No Christmas would be complete without some good fireside stories! And Italy is full of interesting tales. So from good Christmas witches to dynamic processions of fire, here are some of the most interesting Christmas legends & festivals to come out of Italy!
La Befana is hands down Italy’s most interesting Christmas character. Known as the ‘good witch of Christmas’, La Befana presides over the feast of the Epiphany on January 6th. In fact, her name comes from the Italian word for the Epiphany; ‘epifania’. Making her journey on January 5th, she rides atop a broom and climbs down the chimney of homes to deliver presents to the children inside. Well behaved children find colourful candies in their stockings, while the misbehaved ones find coal – but don’t worry, it’s candy coal (edible and sweet!) La Befana’s story dates back to pagan times, and is closely connected with the Nativity story. On their way to see the baby Jesus, the three Magi (wise-men) stopped into the old woman’s house looking for refuge from a cold night. Like a good host, she offered them food and shelter. As they chatted they asked her to join them on their journey but, with too much housework to do, the old woman declined. Shortly after they left she realised her mistake. Filling up a basket with various gifts, she raced off in hot pursuit but even though she followed the same star, she was never able to find the baby Jesus. Today, she continues to search houses for the child, leaving gifts in her wake. Traditionally, children (or their parents) leave food out for the spirit along with wine, (preferably red) to help her on her way.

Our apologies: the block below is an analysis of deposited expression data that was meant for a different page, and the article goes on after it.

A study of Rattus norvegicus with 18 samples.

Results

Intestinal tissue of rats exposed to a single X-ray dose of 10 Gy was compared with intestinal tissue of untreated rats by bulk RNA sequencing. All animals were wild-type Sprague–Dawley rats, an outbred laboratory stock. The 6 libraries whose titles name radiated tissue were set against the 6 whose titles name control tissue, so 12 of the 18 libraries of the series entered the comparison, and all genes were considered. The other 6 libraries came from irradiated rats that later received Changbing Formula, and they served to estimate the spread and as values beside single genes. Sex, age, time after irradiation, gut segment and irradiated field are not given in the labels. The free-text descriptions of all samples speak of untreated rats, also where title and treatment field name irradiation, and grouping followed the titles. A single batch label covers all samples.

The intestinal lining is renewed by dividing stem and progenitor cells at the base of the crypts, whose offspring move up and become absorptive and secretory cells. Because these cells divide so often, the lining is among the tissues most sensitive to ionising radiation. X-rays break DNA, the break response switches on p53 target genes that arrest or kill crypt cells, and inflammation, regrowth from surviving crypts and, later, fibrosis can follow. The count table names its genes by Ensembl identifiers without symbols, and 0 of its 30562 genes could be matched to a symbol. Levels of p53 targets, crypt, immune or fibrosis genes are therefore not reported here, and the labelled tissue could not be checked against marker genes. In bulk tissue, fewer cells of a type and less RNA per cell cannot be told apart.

Check out our full post about La Befana and have a look how she is celebrated through the eyes of an Italian child in our video below!
St. Nick, Santa Claus, Father Christmas, Kris Kringle, whatever you want to call him, it wouldn’t truly be Christmas without the jolly old benefactor giving out presents to the children around the world! And Babbo Natale – or Daddy Christmas – is Italy’s answer to the man in the red suit. While most countries have their own versions and traditions associated with old St. Nick, Italy has some interesting ties to the patron saint of children and secret gift-giving. In fact, the original Saint Nicholas is the patron saint of Bari and is said to be buried there in the Basilica San Nicola. It’s also claimed that the relics residing with him have supernatural healing powers!